Where could the Biblical amounts of flood water come from?

Paracelsus

Trying to find solutions to upload images. On my phone, the upload images/attachments button doesn't work. Literally every image hosting service has viewable image links. But I haven't been able to upload anything to this website.
 

MeNTaLMoNKeY


As for where did the water go? I'm personally starting to lean toward expanding earth theory. If that theory is true, my idea is that the rings of water collapsed down and flooded the Earth which significantly increased the mass of the Earth and caused the expansion. The water didn't go anywhere. The Earth expanded to house all the new water in the form of the oceans.

Issac Newton Vail's book: The Waters Above the Firmament, or the Earth's Annular System
 

Onijunbei

 

This exactly. Water is from within the Earth. I've never believed in the extraterrestrial ice comet origin.
 

whitewave

 

Radal16


MrMBB333 did a video on this where he posits that there's actually a layer of water that goes under the crust around the whole planet. Food for thought.
 

PrincepAugus


MrMBB333 did a video on this where he posits that there's actually a layer of water that goes under the crust around the whole planet. Food for thought.
That's pretty old news though. Just look up "ocean underneath Earth" and there are many articles and videos saying that scientific research have found water under the Earth more voluminous that all the ocean's water on the surface.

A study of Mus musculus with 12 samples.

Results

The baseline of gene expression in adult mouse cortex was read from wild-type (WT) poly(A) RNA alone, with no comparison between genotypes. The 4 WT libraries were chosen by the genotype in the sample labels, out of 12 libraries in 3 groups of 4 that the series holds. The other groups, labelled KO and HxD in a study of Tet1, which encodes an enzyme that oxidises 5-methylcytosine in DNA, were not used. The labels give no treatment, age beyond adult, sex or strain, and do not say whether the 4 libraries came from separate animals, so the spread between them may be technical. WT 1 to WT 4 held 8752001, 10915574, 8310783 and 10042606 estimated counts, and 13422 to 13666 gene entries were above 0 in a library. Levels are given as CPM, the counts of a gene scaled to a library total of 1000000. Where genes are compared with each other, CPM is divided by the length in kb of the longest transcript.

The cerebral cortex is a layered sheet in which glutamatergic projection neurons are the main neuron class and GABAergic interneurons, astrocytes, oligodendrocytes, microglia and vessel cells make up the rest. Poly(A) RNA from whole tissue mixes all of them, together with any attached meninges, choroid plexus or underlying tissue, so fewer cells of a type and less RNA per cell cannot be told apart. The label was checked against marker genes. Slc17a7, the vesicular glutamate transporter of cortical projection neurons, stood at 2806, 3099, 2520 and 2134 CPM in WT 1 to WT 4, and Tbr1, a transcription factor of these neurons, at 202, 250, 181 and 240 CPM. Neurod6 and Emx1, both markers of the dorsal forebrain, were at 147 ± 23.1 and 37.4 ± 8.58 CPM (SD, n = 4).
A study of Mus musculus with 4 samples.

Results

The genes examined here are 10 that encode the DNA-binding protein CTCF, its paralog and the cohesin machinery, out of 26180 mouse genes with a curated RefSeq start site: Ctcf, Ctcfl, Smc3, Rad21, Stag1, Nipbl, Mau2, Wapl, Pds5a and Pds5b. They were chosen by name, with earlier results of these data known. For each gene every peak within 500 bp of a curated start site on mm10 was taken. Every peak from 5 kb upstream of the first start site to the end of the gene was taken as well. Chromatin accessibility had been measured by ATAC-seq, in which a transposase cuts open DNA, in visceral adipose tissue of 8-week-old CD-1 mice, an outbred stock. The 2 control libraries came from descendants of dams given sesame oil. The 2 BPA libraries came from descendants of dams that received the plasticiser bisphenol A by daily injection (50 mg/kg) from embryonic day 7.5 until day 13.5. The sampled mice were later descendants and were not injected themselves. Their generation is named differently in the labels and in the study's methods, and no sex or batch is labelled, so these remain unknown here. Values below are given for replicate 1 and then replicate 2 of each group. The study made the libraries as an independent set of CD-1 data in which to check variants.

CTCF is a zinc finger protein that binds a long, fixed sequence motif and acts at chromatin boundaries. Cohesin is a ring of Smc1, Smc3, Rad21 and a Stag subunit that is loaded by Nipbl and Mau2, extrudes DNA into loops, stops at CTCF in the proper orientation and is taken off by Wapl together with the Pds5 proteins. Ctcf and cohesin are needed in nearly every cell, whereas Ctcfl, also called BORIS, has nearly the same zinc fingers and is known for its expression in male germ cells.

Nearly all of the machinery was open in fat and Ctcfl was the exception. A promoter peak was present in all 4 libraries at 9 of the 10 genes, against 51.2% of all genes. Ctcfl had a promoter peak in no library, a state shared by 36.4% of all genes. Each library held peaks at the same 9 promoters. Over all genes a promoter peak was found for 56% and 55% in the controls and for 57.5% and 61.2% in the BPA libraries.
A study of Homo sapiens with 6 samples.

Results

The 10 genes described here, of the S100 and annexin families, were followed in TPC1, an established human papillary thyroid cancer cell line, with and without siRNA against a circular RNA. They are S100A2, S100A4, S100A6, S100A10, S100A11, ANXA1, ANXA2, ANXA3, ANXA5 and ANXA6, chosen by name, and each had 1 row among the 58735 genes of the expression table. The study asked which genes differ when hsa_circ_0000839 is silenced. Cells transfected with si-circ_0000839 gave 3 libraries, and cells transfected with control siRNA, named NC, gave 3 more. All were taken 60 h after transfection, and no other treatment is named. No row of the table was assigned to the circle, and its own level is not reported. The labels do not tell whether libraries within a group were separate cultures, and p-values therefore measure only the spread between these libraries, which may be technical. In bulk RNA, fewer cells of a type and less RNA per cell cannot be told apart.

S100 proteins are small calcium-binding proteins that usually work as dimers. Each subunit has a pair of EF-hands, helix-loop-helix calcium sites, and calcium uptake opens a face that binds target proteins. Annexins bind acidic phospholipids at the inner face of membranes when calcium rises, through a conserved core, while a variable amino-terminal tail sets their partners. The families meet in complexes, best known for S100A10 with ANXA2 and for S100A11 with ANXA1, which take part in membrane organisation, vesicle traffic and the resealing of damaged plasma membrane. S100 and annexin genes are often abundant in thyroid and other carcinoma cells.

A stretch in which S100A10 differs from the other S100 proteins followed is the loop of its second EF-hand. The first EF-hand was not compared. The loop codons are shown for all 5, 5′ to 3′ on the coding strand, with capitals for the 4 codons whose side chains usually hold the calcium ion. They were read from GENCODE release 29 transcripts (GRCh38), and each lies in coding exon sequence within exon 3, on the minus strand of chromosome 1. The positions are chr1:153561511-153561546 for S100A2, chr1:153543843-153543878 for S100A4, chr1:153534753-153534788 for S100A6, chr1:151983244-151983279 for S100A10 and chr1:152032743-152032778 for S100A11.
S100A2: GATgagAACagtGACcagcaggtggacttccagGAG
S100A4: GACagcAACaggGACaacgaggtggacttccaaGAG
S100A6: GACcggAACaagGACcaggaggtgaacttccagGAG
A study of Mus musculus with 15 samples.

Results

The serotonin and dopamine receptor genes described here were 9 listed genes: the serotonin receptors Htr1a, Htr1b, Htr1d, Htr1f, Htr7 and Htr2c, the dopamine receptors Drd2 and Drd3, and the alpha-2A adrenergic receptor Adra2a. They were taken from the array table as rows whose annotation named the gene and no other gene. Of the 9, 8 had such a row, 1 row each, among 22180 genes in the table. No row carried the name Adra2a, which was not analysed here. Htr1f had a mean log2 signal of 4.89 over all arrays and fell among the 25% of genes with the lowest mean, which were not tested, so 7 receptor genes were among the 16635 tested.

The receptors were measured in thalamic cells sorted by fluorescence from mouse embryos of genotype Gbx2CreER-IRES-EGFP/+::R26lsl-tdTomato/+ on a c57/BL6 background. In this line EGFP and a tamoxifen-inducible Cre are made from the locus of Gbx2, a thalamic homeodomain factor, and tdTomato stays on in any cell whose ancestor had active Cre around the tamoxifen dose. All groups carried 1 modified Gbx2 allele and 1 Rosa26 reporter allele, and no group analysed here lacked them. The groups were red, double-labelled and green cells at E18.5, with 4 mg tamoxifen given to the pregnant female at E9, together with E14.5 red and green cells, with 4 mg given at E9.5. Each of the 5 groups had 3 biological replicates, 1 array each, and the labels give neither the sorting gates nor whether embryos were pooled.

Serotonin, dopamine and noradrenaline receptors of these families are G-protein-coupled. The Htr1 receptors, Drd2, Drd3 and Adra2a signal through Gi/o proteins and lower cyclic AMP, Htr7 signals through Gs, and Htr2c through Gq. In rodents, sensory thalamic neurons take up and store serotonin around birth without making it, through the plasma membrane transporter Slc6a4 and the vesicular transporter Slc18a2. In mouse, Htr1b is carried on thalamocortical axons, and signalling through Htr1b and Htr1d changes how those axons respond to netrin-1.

whitewave

 

PrincepAugus

They would say that, but then I find hard to believe all of it is in the rocks.
 

BrokenAgate

 

LetsHak


The Growing Earth hypothesis essentially posits that the Earth is a very young, ever-expanding star.

Planetary bodies go through an inner-to-outer phase change as they grow mass and mature:
  1. solid all the way through, like a rock
  2. liquid center, solid shell
  3. gas center, liquid midsection, solid shell <-- Moon is here
  4. plasma center, gas, liquid reaching the surface, semi-solid shell <-- Earth is here
  5. plasma center, gas surface <-- Jupiter and other gassies are here
  6. plasma all the way <-- Sun is here
I believe the Deluge was when water first breached the solid surface of the Earth.


tldw: The additional mass is coming from the aether. That's also the reason mainstream science will not acknowledge this, as it implies oil/water are renewable, "free energy" is a thing, etc.

The big question I have with this whole thing is the timescale. IIRC, our "best data" implies that the Earth grew nearly 50% in 80 million years. What if that's a lie? What if it only took, say, 100,000 years? Earthquakes ahoy! That would explain the morterless polygonal megalithic stonework of antiquity, eh?